Underage Drinking Parties and Social Host Liability
I love my best friend’s son. At eighteen he is a level headed kid on the fast track to being a successful writer/artist or maybe a rock star. But like most kids, sometimes he comes up with amazingly risky ideas. Like when he was ten he climbed up on top of the roof so he could see the fireworks or when he was 13 he hitchhiked to the beach, halfway across the state with his friends. So I don’t know why she was so surprised when he came and asked if he and four friends could have an overnight pool party/backyard camp-out and have beer with their hamburgers and beans. His father didn’t see a big problem with the idea at first, his parent’s had let him drink at home when he turned 18 and it was “just beer.” None of the boys would be driving and they would only buy a few beers a piece for the party. Thank goodness his mother thought past the initial idea. She did some research online and this is part of what she found.
In many states, serving alcohol to any minor, even your child is illegal. In some states you can allow your child to drink in your home. In a few states, while it is illegal for a person under 21 to purchase alcohol it is legal to consume it if you are between 18 and 20. Every state seems to have their own take on underage drinking laws so check out the laws in your state.
As the hosts of an underage drinking party, my friends would be responsible. End of statement. Responsible for the health and welfare of the five participants, responsible for keeping the boys from driving and if one of the boys walked away from the property and got into any kind of trouble, they would be responsible for that too. The boys planned some swimming and then a campfire after dark. What if the boys got horsing around? Alcohol does lower inhibitions. If someone got hurt or became ill from drinking too much, again they would be responsible.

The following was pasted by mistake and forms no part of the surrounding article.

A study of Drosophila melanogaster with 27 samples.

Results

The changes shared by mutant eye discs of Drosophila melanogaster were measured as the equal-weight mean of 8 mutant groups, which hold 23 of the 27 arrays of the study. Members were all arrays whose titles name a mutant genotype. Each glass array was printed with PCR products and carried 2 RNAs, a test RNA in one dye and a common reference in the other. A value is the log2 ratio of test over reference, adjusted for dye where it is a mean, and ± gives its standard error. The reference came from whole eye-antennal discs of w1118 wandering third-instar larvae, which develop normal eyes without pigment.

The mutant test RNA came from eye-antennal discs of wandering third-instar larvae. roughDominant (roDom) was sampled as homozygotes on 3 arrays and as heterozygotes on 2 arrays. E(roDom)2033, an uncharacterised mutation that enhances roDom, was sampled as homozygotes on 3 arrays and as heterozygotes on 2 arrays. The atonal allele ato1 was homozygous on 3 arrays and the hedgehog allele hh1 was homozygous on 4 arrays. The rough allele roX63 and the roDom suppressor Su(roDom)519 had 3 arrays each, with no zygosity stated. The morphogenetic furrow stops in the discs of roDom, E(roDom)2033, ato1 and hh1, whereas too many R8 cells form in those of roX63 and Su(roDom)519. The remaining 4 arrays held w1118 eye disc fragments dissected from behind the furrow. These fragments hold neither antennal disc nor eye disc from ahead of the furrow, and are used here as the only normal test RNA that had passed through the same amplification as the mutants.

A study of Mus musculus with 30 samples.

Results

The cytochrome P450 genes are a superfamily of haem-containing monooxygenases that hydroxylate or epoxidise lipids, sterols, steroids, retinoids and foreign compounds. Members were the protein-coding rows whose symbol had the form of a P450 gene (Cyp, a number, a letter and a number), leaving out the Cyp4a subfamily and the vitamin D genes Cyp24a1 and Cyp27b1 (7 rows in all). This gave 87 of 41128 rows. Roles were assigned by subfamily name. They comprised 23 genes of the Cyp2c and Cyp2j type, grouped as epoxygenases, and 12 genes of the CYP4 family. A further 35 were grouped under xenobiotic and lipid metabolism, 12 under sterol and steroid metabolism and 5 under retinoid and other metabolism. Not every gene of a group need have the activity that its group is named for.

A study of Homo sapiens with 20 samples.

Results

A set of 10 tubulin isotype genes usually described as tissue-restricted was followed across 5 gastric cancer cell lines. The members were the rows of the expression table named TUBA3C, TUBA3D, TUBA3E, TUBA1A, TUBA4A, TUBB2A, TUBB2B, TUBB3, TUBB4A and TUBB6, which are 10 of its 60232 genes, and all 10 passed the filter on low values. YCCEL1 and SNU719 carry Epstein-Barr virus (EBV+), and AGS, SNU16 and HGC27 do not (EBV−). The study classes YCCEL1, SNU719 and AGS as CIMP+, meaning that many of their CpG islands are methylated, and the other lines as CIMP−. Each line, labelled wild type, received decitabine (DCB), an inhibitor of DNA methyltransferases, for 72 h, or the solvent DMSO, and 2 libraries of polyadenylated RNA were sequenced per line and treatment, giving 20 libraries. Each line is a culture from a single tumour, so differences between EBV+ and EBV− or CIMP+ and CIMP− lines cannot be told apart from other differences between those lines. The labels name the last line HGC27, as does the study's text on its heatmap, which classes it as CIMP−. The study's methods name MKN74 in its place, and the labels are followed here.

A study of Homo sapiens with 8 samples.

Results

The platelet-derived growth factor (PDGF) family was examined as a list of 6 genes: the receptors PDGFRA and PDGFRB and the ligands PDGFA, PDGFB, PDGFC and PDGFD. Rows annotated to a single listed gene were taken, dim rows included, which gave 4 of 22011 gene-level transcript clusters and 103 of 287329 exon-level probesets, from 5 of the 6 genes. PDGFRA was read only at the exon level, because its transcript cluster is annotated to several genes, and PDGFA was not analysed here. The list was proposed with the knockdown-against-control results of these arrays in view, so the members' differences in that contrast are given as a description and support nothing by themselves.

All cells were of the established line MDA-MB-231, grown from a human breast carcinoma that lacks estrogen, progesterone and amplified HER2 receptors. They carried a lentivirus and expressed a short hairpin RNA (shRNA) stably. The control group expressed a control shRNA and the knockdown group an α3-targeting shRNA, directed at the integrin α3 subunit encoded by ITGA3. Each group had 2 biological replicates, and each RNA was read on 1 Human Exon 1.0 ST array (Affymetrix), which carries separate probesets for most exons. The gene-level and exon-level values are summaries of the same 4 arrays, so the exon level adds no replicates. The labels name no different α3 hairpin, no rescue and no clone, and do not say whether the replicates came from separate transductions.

If one of the boys did decide to run home to get something he forgot or just decided to go home to his own bed after the festivities were over, the consequences of driving drunk would be serious for both the boy driving but also for whomever he hit and would probably come back to his hosts. And my friend’s insurance may or may not cover their liability if a guest at their party caused an accident while intoxicated. Some policies cover this, but some don’t. The circumstances would certainly be investigated and defense costs would likely be paid but what about a judgment? They would need to check with both their homeowners company and also their own auto company to see what might be covered. They could lose their savings, college funds, retirement funds and even their house if the accident were severe enough. And this holds true for adult friends drinking in their home too.
This was only part of what my friend found online about Social Host liability and underage drinking parties. When she laid the information out to her son, showing him what the risks were, he decided waiting two and a half years until he was 21 wasn't all that bad. It also opened up the conversation about drinking at his friend’s houses and drinking and driving. Like I said, he is generally a pretty level headed kid.
If you have any concerns about how your insurance covers you in a particular situation, contact us through our website or at 877-352-2121.